There are different types and textures of snow, and the type of snow you choose for snowboarding can have a big impact on the entire experience. You want to make sure the snow is exactly right, especially if you’re a newbie, to help you glide and offer a cushion in case you crash.
Once you’ve learned how to snowboard or ski on easier types of snow, you will be able to enjoy snowboarding and experience all types of snow throughout the winter season, and you may even enjoy snowing on some of the tougher ones too.
Let’s look at all the different types of snow you will experience in winter and which one is the best snow for snowboarding.
Types of Snow
The winter season brings with it beautiful white scenery and gorgeous snow. Yes, it’s freezing cold, but once the snow touches the ground, it’s the snowboarder’s dream. The snow, however, is not the same every time you go out to ski or snowboard.
Below is a guide to the different types of snow you can experience during your snowboarding adventures, the best and the not-so-desirable ones. Let’s start with the latter.
The Ice Snow
This type of snow is not a favorite amongst snowboarders and skiers. This type of ice is hard and unforgiving. It occurs during warmer temperatures when ice hardens overnight after melting during the day. The continuous melting and freezing of ice make it hard and very difficult to snowboard on; making turns on it requires that you sharpen your snowboard edges. Although, it might help if you simply glide across the ice at high speeds without making turns or putting an edge.
Usually, racers snowboard on icy snow as it helps them reach optimum speeds.
This type of snow also occurs when the temperatures start getting warmer, mostly during the spring season. Slush is wetter than snow and will surely get your clothes damp, but snowboarding on slush is also a challenge. The slushy snow is heavier and leads to slower speeds, which most snowboarders don’t enjoy.
This happens when the sun melts the top layer of snow, and the cold freezes it again, turning it into ice. This leaves soft powder snow underneath a crusty layer of ice.
While this form of snow isn’t ideal for beginners, it can be a fun and adventurous ride for advanced snowboarders who can jump, turn and break the ice with the snowboard’s edge and glide on the soft snow underneath.
The first snowfall of the season is loved by all, especially snowboarders, experts, and amateurs alike. The fresh dusting of snow made for a smoother ride and controlled turns.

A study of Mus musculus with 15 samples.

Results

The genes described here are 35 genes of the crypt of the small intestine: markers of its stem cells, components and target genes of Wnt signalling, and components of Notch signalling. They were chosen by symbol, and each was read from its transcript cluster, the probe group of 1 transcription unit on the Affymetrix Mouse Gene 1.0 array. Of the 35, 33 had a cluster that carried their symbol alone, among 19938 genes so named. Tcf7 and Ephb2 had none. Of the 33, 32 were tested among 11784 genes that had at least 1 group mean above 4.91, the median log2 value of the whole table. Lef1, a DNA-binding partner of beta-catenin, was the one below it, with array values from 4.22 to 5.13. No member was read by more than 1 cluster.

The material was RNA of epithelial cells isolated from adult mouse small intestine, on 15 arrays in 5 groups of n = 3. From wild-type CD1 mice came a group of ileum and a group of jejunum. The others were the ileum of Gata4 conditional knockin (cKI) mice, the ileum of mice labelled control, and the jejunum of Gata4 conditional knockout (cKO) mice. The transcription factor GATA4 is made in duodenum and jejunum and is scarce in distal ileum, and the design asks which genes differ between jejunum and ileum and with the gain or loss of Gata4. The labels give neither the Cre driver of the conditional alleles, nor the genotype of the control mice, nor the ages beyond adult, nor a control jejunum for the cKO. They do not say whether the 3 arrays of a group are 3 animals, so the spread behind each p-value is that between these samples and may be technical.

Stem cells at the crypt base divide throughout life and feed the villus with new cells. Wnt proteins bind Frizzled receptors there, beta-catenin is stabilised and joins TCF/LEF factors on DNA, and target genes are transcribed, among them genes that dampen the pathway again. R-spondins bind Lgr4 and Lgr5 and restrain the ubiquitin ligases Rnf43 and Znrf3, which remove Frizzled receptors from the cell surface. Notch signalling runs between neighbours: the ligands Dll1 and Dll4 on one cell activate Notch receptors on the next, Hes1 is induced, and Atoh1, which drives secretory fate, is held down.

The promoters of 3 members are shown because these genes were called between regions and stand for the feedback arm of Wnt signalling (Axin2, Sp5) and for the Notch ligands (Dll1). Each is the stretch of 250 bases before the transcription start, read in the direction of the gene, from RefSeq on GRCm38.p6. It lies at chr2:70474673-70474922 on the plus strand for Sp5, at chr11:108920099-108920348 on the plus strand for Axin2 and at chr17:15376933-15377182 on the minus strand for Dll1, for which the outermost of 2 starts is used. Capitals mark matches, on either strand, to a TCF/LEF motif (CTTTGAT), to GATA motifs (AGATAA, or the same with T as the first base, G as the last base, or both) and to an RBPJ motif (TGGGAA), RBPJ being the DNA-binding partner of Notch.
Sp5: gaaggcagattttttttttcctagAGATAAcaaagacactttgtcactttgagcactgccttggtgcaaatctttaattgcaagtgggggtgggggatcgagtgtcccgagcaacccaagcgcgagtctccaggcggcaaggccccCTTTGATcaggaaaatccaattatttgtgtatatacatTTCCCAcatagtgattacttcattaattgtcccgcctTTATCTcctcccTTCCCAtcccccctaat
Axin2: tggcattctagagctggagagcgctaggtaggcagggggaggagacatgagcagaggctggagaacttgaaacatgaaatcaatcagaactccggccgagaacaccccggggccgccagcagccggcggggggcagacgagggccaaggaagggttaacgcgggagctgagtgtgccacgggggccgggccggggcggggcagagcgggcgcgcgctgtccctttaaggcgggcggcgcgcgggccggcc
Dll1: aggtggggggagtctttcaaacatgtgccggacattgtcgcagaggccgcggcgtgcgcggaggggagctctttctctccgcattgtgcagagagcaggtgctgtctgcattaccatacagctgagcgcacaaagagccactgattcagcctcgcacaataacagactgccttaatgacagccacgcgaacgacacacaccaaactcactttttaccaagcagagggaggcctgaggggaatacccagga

The piste bashers groom the snow during early morning hours, making it the best time for snowboarders to head for the hills.
While fresh snow is safe and enjoyable for everyone, it does have the drawback of providing an uneven slope and resulting in a few crashes and bumps.
Hard-packed snow usually occurs simultaneously with icy snow and is almost just like icy snow, only a little more lenient. Hard-packed trails are a little easier to steer compared to icy trails and provide speedy snowboarding for thrill-seekers.
While this snow occurs very rarely, it might possibly be the worst for snowboarders. It is similar to slush, but it occurs towards the beginning of winter after the first few snowfalls of the season. A sudden rise in temperature causes the delicate snow crystals, when wet, bind themselves to the base of the snowboard, making it difficult for air to get below, causing a vacuum. This makes gliding on the snow very difficult. Even the most advanced skiers have a challenging time navigating through such pistes. Thankfully, snowboarders don’t have to deal with it very often as it is a rare occurrence.
The fluffy and fresh powder snow is any snowboarder’s dream. A piste covered with layers of ample packed snow gives a magical feeling of floating to both snowboarders and skiers. It’s smooth, fluffy, and pillowy, perfect for experts, amateurs, and beginners. Powder snow is great for practicing new moves and edges, and once you’re snowboarding at speed, it’ll feel like you’re flying; nothing beats that. Moreover, any falls or crashes will feel like landing on a pillow. The only thing you’ll have to be careful of is to watch out for any rocks or stubs hidden underneath the fluff of snow.
Now that you know about the different types of snow you can find in your snowboarding experience, here are some essential safety gears to keep in mind before you head out on an unforgettable skiing adventure.
- Helmet: never go out on a snowboarding adventure without a helmet.
- Goggles: Goggleswill protect your eyes from the cold.
- Gloves: These gloveswill not only protect your hands from the cold but are also water-resistant and won’t get wet as the snow melts.
- Boots: Of course, you need comfortable bootsfor a good snowboarding experience, so your feet can stay firmly on the snow.
Our Final Thoughts
Snowboarding is an advanced sport and knowing about snow conditions before you head out is always a smart move. The best snow for snowboarding beginners is either the fresh snow dust or powder snow as it is easier and more forgiving on the slopes. Once you have reached the amateur level of snowboarding, you can move on to different types of ice and explore the sport even more.
However, it is important that you are careful with the safety gear and always wear a helmet, goggles, and gloves to protect yourself from unforeseen accidents, wind, and cold. Every day on the snow is an adventure as the snow is always new, so gear up and have a fun time snowboarding.